May 11, 2001

Volunteers provide valuable service at Children’s Hospital


Volunteers provide valuable service at Children’s Hospital

Brothers Zachary and Noah Harris waited their turn in line to get dinner at this week's Family Soup Night, provided by Friends of Children's Hospital. The brothers had a sibling in the hospital. (photo by Dana Johnson)

Brothers Zachary and Noah Harris waited their turn in line to get dinner at this week's Family Soup Night, provided by Friends of Children's Hospital. The brothers had a sibling in the hospital. (photo by Dana Johnson)

More than 20 people anxiously waited, milling around, chatting, and nervously looking at the clock. Children continued playing in the 5th floor playroom, unaware of their parent’s impatience. The clock showed 5:15 p.m., when a woman finally appeared pushing a large cart loaded with vast amounts of food.

That woman was Suann Davis, a Friends of Children’s Hospital volunteer who has spent the last year directing and organizing special activities four Tuesdays a month for families and children in the hospital.

“I’m sorry I’m late,” she apologized to the families. “It’ll be set up in just a few minutes.”

This Tuesday was family dinner night – eagerly anticipated by the families.

Todd Mann, who has two children in the pediatric intensive care unit, is from Hopkinsville, Kentucky. He doesn’t get many breaks away from the daily diet of hospital food.

“This is just great,” he said as he loaded his plate with the night’s special of taco salad. “I’ve been really impressed with the entire Children’s Hospital. But when I heard the volunteers did this, I was just amazed. It’s really great.”

Comments like these have kept Davis and her fellow Friends members involved in the program.

“The families are here for days,” Davis said. “This helps create a home environment and gets their tummies full. I get a lot more out of doing this than anyone can imagine. It’s a blessing to be here and it provides a great perspective – it makes you thankful and appreciative for what you have and the health of your children.”

Davis has two toddlers at home and works part-time. She serves on the Friends board of directors and has volunteered at Vanderbilt for more than eight years. This past year she has overseen the Friends Hospital Hospitality Night program, and it has kept her quite busy.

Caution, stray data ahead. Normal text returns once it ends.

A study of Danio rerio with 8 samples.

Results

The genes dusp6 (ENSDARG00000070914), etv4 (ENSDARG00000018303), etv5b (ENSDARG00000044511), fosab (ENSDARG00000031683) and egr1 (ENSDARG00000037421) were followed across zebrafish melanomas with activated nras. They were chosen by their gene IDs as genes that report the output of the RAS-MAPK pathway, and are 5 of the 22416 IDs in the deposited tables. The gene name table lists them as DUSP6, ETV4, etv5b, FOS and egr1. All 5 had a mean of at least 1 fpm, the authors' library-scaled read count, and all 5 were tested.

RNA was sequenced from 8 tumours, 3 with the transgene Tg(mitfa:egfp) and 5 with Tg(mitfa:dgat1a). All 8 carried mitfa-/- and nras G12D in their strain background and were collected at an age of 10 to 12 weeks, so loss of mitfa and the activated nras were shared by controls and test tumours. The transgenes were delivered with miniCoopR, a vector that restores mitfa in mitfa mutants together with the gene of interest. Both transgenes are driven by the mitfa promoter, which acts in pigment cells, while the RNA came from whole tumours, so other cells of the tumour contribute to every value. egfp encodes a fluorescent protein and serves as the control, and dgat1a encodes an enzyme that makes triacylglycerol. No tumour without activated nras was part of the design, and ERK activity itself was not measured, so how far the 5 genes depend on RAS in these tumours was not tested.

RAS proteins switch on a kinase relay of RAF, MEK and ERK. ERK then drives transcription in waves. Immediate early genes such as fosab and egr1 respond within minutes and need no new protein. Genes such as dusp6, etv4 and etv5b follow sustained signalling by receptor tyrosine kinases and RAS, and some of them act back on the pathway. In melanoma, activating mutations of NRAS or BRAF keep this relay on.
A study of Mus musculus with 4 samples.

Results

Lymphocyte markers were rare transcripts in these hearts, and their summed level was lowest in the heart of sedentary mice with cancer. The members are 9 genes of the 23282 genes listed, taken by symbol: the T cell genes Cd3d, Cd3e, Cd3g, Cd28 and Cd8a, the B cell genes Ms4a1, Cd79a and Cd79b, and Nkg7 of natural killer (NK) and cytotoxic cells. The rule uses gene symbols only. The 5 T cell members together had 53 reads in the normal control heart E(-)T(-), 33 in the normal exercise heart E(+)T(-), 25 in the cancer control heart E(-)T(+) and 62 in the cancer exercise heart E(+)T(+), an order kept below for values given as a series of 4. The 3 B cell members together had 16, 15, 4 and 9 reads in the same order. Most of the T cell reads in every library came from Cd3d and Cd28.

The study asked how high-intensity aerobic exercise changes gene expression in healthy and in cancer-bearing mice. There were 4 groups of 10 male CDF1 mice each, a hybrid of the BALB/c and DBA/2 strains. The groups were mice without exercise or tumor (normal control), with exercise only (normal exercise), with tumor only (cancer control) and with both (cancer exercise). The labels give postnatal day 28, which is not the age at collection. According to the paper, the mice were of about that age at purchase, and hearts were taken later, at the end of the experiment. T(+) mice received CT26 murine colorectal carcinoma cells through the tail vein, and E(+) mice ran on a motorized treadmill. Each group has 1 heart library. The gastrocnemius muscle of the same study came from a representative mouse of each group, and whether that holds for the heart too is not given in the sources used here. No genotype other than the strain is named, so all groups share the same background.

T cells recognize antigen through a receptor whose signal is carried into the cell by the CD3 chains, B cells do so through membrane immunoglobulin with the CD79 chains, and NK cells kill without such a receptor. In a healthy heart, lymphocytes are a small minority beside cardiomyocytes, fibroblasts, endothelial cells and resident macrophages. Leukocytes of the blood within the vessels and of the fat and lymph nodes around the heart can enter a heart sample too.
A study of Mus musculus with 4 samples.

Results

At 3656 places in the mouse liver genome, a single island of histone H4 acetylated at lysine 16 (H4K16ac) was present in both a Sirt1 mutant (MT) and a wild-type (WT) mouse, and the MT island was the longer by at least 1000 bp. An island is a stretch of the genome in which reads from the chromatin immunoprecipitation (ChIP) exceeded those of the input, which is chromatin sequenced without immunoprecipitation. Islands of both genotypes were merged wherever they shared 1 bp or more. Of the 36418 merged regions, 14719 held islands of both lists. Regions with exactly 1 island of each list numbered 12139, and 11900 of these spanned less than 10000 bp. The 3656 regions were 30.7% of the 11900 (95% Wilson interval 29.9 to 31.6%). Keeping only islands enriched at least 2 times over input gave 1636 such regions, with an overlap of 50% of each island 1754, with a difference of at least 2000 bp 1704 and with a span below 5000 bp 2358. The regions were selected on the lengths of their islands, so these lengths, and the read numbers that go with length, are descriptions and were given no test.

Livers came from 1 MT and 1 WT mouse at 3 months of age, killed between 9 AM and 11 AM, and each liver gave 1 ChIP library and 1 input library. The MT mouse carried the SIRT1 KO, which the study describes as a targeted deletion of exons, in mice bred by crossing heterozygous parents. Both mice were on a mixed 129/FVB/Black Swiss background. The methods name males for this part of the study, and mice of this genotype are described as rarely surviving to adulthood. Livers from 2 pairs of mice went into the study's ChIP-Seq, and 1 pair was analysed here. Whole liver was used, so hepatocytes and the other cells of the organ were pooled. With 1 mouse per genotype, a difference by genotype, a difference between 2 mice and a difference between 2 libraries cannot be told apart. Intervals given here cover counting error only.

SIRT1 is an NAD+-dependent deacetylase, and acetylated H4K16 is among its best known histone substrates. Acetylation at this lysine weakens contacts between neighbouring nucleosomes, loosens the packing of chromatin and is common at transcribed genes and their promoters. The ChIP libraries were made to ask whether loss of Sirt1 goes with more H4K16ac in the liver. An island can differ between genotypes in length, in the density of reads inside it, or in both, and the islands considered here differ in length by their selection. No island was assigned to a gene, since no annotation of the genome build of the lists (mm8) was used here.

While this Tuesday night was dinner, other Tuesday nights focus on different needs. The first Tuesday of the month is dedicated as “massage and cookie night.” Keep in Touch Therapy provides mini-massages to parents, and the Christy Cookie company donates cookies. The second Tuesday of the month is the family dinner night. The third Tuesday is pizza bingo night. Families gather to play bingo and eat pizza, and all of them leave with donated prizes. The fourth Tuesday is brunch, provided by the Williamson County Chapter of the Friends organization. Pastries and other goodies are provided in the family waiting areas as well as pantry items for families to use throughout the week. This is the fourth year of the program.

“Suann has done an outstanding job,” explained Janet Cross, director of child life services. “She has really gone beyond the call-of-duty for these families.”

It wasn’t long before all the families had made their way through the line. Davis had made sure they had containers so they could take the food back to their child’s room. Finally, the rush slowed down and Davis was able to relax.

“This is my last night of doing this,” she said. “We serve one year terms as committee chairs and my term for this project is almost over.”

She said she was proud of the opportunity to serve the families and was proud of two major accomplishments over the last year. One was to provide a holiday dinner with all the trimmings, and the other was to have a big Fourth of July party. Both were big successes.

“The Fourth of July party was great,” she said. “We had over 400 people attend. The families were so appreciative.”

Davis was reflective about her volunteer work with Vanderbilt Children’s Hospital as she watched a child make his way through the food line.

“A lot of people ask me how I handle being around sick children and volunteering here,” she said. “But you know, this is their chance for life, to improve their quality of life. All hope they have is here. I can’t imagine doing anything better.”